When it comes to college, one of the main aspects to consider is funding. Tuition is expensive, and that in addition to fees and other associated costs, the price of higher education can really rack up. This requires many students to take out loans — about 65% of 2019 graduates utilized student loans to pay for their college degrees. What is even more important to consider is the type of loan you use, as there are several different types. One loan type that should be considered is a federal loan, and here are 13 reasons that these loans are a great option.
You don’t need credit history
In the case of loans from banks or credit unions, credit history is required to apply and receive loans. But to apply for federal student loans, this is not necessary. Student’s families can utilize the Free Application for Federal Student Aid (FAFSA) to apply for federal loans, a route that many say is easier than attempting to secure a private loan.
You don’t need a co-signer
Because federal loans do not require credit history, students do not need a family or friend to co-sign. This is a great advantage for young adults who have not had the chance to dabble in credit yet.
Federal loans have fixed rates
Private loans have variable rates, but that isn’t something you have to worry about with federal loans. These types of loans have fixed rates that protect borrowers from having their monthly rates change after college.
Interest rates are lower than private loans
Interest rates are typically lower for federal loans in comparison to private loans. For loans disbursed from January 1, 2020, to July 1, 2021, the interest rate is 2.75%, which is great for borrowers. A consultant at LendingTree said, “The federal government is offering a discount to consumers on that risk.”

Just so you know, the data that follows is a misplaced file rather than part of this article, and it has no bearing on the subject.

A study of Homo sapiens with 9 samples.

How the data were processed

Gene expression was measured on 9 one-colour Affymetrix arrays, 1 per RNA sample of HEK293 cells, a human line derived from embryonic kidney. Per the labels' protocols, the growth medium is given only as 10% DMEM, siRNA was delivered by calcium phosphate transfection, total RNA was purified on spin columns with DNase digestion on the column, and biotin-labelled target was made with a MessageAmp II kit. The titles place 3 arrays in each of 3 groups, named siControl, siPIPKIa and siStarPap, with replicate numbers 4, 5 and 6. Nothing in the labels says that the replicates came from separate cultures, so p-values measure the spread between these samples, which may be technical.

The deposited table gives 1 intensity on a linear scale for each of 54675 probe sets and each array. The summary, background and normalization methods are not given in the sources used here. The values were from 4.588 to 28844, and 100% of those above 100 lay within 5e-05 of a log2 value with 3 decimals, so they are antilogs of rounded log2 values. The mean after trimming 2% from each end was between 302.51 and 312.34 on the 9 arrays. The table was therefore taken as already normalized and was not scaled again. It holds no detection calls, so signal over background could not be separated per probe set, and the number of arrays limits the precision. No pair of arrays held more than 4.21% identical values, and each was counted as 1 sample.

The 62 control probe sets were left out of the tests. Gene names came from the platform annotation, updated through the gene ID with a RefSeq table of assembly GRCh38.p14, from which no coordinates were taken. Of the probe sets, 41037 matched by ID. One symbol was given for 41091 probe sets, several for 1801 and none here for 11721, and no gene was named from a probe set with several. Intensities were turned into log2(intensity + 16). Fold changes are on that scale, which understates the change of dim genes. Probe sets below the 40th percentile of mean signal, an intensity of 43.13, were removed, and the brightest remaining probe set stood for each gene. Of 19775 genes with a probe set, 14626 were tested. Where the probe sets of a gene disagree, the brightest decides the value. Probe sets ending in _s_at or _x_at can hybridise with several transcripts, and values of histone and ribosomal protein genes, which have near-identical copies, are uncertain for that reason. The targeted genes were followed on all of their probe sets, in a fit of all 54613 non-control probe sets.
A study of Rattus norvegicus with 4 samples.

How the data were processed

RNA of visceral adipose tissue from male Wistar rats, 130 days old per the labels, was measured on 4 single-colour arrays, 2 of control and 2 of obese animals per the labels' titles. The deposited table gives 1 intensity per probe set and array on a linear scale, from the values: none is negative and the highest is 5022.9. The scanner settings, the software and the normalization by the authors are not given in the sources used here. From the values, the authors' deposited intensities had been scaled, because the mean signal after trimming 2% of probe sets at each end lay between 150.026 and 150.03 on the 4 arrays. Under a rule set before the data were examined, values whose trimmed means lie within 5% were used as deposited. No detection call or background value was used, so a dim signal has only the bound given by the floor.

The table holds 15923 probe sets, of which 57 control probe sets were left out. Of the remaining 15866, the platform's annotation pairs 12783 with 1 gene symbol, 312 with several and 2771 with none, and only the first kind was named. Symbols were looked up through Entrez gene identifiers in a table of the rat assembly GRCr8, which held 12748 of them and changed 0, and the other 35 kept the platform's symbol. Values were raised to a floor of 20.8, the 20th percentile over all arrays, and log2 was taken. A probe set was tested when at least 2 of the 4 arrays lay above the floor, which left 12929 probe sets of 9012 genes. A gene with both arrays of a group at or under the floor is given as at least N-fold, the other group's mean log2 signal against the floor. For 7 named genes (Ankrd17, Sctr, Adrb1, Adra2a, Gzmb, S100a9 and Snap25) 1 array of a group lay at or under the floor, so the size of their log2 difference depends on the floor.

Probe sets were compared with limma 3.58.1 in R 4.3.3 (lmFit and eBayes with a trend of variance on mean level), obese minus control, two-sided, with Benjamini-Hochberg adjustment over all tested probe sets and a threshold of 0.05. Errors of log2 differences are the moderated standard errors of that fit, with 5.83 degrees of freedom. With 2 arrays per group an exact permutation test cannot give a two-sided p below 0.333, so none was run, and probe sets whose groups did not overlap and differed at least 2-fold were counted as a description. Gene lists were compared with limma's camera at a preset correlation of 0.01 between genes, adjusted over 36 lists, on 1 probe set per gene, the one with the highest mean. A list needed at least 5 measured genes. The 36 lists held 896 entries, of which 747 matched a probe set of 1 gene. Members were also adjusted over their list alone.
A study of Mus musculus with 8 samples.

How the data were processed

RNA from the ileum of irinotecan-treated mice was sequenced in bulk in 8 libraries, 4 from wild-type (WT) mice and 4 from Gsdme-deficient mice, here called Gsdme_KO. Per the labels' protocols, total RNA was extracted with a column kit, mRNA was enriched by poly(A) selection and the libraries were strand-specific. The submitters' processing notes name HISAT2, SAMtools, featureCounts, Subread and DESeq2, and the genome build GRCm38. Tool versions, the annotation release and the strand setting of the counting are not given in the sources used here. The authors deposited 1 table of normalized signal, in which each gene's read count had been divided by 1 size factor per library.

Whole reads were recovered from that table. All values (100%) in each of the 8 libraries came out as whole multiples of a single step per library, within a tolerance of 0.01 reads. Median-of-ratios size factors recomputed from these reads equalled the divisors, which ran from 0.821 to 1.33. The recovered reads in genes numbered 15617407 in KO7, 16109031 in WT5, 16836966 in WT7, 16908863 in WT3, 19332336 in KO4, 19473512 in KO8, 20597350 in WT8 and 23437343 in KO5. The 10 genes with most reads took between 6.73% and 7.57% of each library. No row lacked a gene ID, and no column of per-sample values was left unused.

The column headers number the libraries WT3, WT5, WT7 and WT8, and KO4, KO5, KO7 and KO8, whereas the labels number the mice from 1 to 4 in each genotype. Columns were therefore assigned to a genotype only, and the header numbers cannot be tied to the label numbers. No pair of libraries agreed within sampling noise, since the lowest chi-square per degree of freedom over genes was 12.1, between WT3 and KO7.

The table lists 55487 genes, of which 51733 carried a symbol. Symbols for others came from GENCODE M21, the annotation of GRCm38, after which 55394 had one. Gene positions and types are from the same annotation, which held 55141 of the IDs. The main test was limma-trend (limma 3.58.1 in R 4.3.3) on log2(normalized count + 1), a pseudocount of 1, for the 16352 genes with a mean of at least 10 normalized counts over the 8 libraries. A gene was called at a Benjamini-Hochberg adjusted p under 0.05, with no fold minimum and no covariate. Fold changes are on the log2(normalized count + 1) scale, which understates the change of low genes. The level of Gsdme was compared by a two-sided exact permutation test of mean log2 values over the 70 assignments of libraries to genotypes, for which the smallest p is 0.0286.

Interest usually doesn’t accrue until after graduation
For students with financial need, they have the option of taking out subsidized loans, which do not accrue interest as long as they are enrolled in school on a minimum of half-time status. The other option is private loans, which typically do not offer a subsidized option.
You can use forbearance or deferment to help
If you are not in a position to start paying off student loans right after graduation, you have options. You can apply for forbearance or deferment, which will reduce your monthly payment based on your income, and may even temporarily eliminate your payments altogether.
There is usually a grace period for repayment
For most federal student loans, the federal government will give a period of time before you have to start repaying back the loan. After graduation, students get a grace period of at least six months. For unsubsidized loans, interest will begin to accrue during the grace period; but the Department of Education takes care of interest during the grace period for subsidized loans.
Repayment is based on income
Regardless if you are needing a low payment or no payment, federal student loans are all based on your income. There are several payment plans that are great options, one being Pay As You Earn. This option caps payments to no more than 10% of discretionary income.
Defaulting on loans is extended
As soon as a payment is missed for private loans, the loan is considered delinquent. For government loans, the borrower is not considered to be in delinquency until three payments are missed, and default status is not reached until nine months of missed payments.
Consolidation is an option for credit assistance
Consolidation is a bit trickier for private loans, but much easier with federal loans. Refinancing is a great option to bring down your monthly payments and to give your credit a break.
Loans do not befall your family if something happens to you
With some loans, debt can follow a borrower even if they die. But with federal student loans, in the case of death, the loans are discharged. This option is also available for borrowers who are permanently and totally disabled.
Loans can also be forgiven
Within initiatives like the Public Service Loan Forgiveness program, borrowers have the opportunity to have their loans forgiven. For 10 years of public service, and with 120 monthly payments, borrowers can have their loans forgiven.
Parent borrowing has no limits
Some private loans have caps on parents’ borrowing for students, but this is not the case for federal loans. Parent PLUS loans are federal loans that families can use if students need additional funding for college.